Elon Musk Says the World Is Solving the Wrong Problem

Elon Musk Says the World Is Solving the Wrong Problem

Elon Musk

The CEO of Tesla, who promises a sustainable energy economy, believes that global warming is a long-term problem

Elon Musk is unpredictable.

The whimsical and serial entrepreneur is never where you expect him to be.

He is a staunch environmentalist. Last month, he unveiled a $10 trillion plan to tackle the energy emergency that continues to divide fossil fuel proponents and environmental activists, who believe that saving the planet begins with eliminating polluting energy.

He announced back then Tesla’s Master Plan 3, which he presented as a path to reaching a fully sustainable global energy economy through end-use electrification and sustainable electricity generation and storage.

“This paper finds a sustainable energy economy is technically feasible and requires less investment and less material extraction than continuing today’s unsustainable energy economy,” the billionaire argued. “While many prior studies have come to a similar conclusion, this study seeks to push the thinking forward related to material intensity, manufacturing capacity, and manufacturing investment required for a transition across all energy sectors worldwide.”

Musk Criticizes Germany

But at the same time, the techno king, as he is known at Tesla  (TSLA) – Get Free Report, encourages European countries like Germany not to close their last nuclear power plants, an energy source hated by European environmentalists.

Germany put an end to 10 years of procrastination on Apr. 15, by disconnecting the nuclear power plants of Isar 2, Neckarwestheim and Emsland from the country’s electricity grid. The decision marked the end of an era, as these were the country’s remaining nuclear power plants in service. Musk criticized the decision. For him, exiting the nuclear energy field is a monumental mistake, especially for a country that does not have energy independence.

“The timing of this couldn’t be worse,” Musk, whose Tesla company has a factory near Berlin, blasted out in a tweet on Apr. 15.

Germany should not only not shut down the nuclear power plants, it should reopen the ones that shut down,” he told Mathias Döpfner, CEO of Axel Springer, in an interview last year. “It’s crazy to shut down nuclear power plants. Please do not shut down nuclear power plants, and please reopen the ones that have been shut.”

He called Germany’s decision “total madness,” because “this is a national security risk.”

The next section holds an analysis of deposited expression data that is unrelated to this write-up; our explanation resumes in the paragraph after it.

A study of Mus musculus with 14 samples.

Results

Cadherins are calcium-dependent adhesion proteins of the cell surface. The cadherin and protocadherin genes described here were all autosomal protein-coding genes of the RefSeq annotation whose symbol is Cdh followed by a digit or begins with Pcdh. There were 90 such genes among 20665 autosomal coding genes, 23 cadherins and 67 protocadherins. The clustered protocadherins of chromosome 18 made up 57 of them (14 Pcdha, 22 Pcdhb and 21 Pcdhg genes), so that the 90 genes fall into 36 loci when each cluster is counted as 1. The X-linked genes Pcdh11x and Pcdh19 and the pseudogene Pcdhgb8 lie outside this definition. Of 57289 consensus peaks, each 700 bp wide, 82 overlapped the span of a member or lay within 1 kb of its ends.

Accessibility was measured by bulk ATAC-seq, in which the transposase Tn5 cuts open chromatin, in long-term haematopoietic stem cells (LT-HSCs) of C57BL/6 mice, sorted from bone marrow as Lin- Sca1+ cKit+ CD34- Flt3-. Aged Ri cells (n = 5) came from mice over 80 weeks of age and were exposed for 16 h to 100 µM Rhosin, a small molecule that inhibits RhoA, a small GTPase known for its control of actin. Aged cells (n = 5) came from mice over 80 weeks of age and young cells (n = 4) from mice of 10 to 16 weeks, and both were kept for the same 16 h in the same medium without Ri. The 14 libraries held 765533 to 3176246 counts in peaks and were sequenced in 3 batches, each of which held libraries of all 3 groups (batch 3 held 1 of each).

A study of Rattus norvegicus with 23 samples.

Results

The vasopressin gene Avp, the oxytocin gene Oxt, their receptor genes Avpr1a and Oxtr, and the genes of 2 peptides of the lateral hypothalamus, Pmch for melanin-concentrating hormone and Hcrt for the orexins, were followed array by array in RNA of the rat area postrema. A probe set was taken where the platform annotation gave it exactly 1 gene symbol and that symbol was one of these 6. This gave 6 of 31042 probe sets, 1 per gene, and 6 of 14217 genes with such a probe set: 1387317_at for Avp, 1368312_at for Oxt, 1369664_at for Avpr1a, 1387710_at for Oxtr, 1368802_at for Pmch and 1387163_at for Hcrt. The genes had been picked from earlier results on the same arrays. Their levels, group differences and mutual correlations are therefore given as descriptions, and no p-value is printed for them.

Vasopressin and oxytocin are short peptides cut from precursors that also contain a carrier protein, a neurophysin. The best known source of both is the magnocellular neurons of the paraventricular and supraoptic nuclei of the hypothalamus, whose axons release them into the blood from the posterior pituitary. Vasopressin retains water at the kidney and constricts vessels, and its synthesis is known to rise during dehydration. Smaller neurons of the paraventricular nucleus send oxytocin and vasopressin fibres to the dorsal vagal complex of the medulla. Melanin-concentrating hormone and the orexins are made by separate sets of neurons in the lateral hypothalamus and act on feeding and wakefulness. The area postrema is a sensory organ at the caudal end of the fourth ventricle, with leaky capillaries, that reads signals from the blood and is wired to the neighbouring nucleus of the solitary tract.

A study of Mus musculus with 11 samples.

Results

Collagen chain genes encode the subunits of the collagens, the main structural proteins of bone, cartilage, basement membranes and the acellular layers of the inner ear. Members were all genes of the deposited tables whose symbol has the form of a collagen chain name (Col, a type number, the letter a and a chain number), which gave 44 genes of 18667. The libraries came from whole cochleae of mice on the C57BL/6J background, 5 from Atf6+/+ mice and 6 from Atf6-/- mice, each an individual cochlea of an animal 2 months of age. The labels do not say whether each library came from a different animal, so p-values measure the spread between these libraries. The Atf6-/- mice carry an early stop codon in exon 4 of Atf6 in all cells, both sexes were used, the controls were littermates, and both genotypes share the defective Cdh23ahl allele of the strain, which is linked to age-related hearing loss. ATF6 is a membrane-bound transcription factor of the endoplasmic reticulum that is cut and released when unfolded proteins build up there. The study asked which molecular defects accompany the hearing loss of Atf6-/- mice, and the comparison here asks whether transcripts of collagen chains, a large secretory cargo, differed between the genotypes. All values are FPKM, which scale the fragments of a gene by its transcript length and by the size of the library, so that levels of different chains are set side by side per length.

Musk has once again shown this iconoclastic side by rebelling against the diktat of environmental activists, who believe that global warming is an emergency that must be resolved immediately.

The tech mogul believes that this is not the case. For him, it’s an overkill. He sees the issue of global warming more as a problem to be solved in the long term. In doing so, he seems to believe that the climate change observed in several regions of the world has become an easy justification for decreeing global warming as the problem of our time.

‘Global Warming Risk Is Overblown’

“Global warming risk is overblown in the short term, but significant in the long term,” the billionaire said on May 4.

His comment comes at a year after unprecedented heat waves affected the northern hemisphere and after the adoption of the most ambitious bill to fight climate change in the US.

The Inflation Reduction Act (IRA) passed by the US last year should slash America’s planet-heating emissions by about 40% by the end of the decade, compared to the 2005 levels. This cut would bring the US within striking distance of the goal set by democratic President Joe Biden to cut emissions in half by 2030. Scientists see this level as a must-reach target by the world, if catastrophic global warming, triggering escalating heatwaves, droughts and floods, is to be avoided.

The bill aims to cut U.S. emissions between 31% and 44% below 2005 levels by 2030, according to Rhodium Group, a non-partisan research firm. Another analysis by Energy Innovation found a similar reduction, of between 37% and 41% this decade.

Climate advocates say that the time to act is now, because temperatures continue to rise at a rate that will most likely push past the 1.5°C warming threshold compared to pre-industrial levels, set by the Paris Agreement.

The current level of global warming is alarming, according to them, because, in order to succeed in limiting and stabilizing global warming below 2°C by 2100, it will be necessary to reduce CO2 emissions quickly and also greatly reduce emissions of other greenhouse gases.

This is a very tight window, they say, especially because the changes already observed will increase, in particular the extremes of temperature, the intensity of precipitation, the severity of droughts, the increase in frequency and intensity of climatic events that are now rare.

“We are dangerously close to breaching the 1.5-degree limit set in the Paris Agreement in 2015,” billionaire and climate activist George Soros argued in February. “We are already at 1.2 degrees and if we maintain our current course, global warming will reach more than 2.5 degrees around 2070.”